On June 17 we graduated our Kindergarten Class of 2014. Congratulations to all our graduates! Their futures are bright and we are proud of their many accomplishments already!
Research is showing that investing in early education will pave the way for future success.  Over 100 years ago Dr. Maria Montessori championed the cause for a “revolution in society’s approach to human development” (Montessori, 1966).  Dr. Montessori subsequently developed a method of education that continues to withstand the test of time, and is proving to be the educational model that is influencing educational reform today.   Dr. Montessori designed the Montessori curriculum to encompass three year cycles, birth to three years old, three to six, six to nine, and so on.  These age spans are important because of the planes of development that occur during these time periods. The Kindergarten year completes the 3-6 cycle, vital years for the developing mind, and as Montessori says, for the acquisition of “intellectual vigor, independence, and initiative”(Montessori, 2004).   This is the age when the child is moving from the concrete stage of learning to the abstract stage, and we want them to make that move by building on the foundation of their Montessori experiences leading up to their Kindergarten year.
At Westmont we know that our students will eventually move on to a new environment, we have been following our students transitions for over twenty years.  It is important for us to know that our children are moving on with all the necessary skills to experience success.  In today’s world great emphasis is placed on academic achievement and teaching to the test.  There is a lot of buzz regarding common core standards and New Jersey is one of the states that has adapted the common core into its curriculum.  To clarify, the Common Core State Standards are a set of baseline expectations determined by states for each grade level in publicly funded schools.  
The attention to the common core standards has, in fact, been very beneficial to the Montessori community.   The Montessori curriculums, Primary and Elementary, have been examined and analyzed for comparison to the standards and guidelines set by states across the USA.   Not surprisingly, the Montessori materials and lessons, when measured and aligned to the core objectives, show that they not only reach the set standards but, exceed them.  This is an outcome we are proud to preach and one that will serve to keep Montessori education in the limelight.  We are confident our academic curriculum meets the needs of each individual Kindergarten child and that it does indeed make the grade.  We continue to be reaffirmed that Dr. Montessori got it right the first time around.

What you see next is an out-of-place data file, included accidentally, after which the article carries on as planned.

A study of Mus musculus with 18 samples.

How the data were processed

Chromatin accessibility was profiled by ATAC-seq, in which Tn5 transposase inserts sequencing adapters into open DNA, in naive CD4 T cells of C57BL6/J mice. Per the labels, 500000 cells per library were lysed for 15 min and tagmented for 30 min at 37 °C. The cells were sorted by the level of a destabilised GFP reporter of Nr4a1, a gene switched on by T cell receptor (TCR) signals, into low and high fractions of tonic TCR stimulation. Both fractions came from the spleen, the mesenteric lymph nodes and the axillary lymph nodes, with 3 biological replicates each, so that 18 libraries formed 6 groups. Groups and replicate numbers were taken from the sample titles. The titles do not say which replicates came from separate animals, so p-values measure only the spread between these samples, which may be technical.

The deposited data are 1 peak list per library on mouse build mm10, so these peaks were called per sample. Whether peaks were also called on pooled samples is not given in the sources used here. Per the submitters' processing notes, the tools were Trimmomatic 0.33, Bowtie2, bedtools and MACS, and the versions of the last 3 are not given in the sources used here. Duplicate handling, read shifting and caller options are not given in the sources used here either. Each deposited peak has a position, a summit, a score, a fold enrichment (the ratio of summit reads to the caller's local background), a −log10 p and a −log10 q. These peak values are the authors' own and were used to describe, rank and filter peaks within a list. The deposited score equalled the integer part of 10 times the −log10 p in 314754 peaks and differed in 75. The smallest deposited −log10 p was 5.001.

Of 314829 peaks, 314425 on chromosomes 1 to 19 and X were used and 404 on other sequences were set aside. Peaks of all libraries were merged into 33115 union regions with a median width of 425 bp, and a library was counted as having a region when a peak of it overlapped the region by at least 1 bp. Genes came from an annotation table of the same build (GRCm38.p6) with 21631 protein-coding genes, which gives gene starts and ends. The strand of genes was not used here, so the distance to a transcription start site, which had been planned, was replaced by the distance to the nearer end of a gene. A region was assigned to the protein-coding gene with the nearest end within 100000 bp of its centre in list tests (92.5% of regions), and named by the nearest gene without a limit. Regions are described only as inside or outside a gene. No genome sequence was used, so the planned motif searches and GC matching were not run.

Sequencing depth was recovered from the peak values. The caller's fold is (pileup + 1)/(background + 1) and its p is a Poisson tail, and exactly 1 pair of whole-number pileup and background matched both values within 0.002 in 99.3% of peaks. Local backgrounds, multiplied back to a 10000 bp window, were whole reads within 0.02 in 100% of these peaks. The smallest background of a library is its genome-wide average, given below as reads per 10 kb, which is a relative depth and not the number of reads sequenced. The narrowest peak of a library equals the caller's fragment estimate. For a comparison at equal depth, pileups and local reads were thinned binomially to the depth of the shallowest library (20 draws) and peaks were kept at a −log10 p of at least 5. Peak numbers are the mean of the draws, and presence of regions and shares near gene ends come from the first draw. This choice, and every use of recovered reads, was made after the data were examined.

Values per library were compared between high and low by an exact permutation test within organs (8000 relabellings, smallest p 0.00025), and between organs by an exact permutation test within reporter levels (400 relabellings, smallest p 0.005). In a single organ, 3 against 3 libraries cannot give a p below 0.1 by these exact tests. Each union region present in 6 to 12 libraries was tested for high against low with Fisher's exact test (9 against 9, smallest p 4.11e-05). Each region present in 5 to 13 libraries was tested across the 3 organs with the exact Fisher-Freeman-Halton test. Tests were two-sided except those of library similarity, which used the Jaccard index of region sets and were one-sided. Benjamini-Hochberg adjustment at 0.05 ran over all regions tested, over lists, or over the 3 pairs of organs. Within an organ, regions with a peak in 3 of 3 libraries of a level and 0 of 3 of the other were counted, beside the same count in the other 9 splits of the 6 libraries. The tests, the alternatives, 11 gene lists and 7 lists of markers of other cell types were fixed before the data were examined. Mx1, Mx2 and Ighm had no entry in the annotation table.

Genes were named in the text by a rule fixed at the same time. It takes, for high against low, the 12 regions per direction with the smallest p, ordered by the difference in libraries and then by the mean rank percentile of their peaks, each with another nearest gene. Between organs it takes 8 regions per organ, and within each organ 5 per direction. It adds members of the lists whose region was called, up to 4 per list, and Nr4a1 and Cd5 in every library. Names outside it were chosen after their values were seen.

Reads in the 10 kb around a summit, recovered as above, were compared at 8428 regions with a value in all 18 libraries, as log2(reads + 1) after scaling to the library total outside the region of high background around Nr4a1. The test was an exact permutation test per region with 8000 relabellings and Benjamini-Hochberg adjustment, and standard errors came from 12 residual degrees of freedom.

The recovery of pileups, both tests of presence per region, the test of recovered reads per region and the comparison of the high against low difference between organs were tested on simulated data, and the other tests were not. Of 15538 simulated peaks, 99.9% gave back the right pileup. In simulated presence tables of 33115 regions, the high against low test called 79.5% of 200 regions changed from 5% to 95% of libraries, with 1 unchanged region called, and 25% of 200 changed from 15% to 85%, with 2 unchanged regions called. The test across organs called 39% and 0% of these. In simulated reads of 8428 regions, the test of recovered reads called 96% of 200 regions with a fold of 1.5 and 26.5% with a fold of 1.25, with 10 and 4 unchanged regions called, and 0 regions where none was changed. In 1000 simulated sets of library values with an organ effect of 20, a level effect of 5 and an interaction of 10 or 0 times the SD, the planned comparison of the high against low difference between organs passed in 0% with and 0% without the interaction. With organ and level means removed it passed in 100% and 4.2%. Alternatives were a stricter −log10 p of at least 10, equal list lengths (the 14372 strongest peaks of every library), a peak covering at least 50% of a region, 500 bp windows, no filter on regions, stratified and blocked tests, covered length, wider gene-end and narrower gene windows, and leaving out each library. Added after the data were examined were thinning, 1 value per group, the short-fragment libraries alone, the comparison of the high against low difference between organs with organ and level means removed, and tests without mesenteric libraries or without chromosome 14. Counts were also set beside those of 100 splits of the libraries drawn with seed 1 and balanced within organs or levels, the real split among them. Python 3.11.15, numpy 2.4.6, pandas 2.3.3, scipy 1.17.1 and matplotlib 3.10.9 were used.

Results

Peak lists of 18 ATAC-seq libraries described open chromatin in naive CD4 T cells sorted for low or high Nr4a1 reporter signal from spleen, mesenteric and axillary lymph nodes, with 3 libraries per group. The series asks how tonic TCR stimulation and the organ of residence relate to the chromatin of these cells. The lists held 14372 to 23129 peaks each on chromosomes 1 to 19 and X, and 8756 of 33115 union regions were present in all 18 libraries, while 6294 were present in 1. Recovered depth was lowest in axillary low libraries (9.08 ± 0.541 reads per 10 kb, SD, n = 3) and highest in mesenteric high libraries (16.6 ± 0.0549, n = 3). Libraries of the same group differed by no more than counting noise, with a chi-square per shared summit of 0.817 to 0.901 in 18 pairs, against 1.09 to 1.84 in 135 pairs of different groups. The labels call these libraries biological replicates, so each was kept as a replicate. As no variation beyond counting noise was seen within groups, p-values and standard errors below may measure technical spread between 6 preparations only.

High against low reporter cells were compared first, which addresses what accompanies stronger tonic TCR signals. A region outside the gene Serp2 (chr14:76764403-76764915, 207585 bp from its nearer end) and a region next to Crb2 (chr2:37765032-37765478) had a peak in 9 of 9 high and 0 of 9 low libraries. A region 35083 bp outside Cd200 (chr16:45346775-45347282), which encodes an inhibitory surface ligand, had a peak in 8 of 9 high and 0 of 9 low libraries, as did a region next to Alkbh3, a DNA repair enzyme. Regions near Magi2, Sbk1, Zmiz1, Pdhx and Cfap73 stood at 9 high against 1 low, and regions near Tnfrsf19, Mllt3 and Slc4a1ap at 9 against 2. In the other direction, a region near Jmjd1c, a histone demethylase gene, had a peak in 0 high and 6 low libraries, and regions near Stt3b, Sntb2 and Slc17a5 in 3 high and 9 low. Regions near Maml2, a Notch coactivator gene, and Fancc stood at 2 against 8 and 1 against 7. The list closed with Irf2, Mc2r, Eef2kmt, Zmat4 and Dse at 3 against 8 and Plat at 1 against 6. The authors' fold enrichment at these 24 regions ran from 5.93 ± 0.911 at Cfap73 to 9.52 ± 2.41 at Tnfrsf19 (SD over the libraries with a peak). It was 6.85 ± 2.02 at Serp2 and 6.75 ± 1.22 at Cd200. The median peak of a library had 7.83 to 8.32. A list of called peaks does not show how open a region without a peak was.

We also know that there is much more to educating a child than addressing the academic curriculum, and, we want so much more for our Kindergarten students and indeed all of our students.   Our world continues to be complex and challenging and children need to be prepared to function in and adapt to this world.   We recognize that our curriculum and philosophy will make this grade also, and facilitate this preparation.  We want our Kindergarten students to reap all the benefits of this preparation in a year when so many things come together for them.  We want to give ample time for fine tuning their problem solving, critical thinking and reasoning skills. We want to highlight their leadership potential.   We want to continue to help them develop empathy, and be community minded.  We want to emphasize their creativity, curiosity, and communications skills.  We want them to learn from their mistakes, and be confident in their own abilities.  We want to build upon the skills that are developing and fully support their preparation for life. 
When all is said and done, we want to have lived up to our vision of helping each child reach his potential at this critical juncture.  We want to send our Kindergarten students into the world as resilient, responsible, confident citizens.
Within the child lies the face of the future – Dr. Maria Montessori.
        Montessori, M. (1966).  The Discovery of the Child.   Thiruvanmiyur, Madras, India: Kalakshetra Press
        Montessori, M (2004). The Montessori Method.  New York: Rowman & Littlefield publishers.
The joy and smiles of our children strengthen our commitment to a Montessori early childhood education. Westmont, an accredited school with the American Montessori Society (AMS) and Middle States Association (MSA-CESS), stands as one of the premier Montessori schools in NJ. We welcome you to discover Westmont.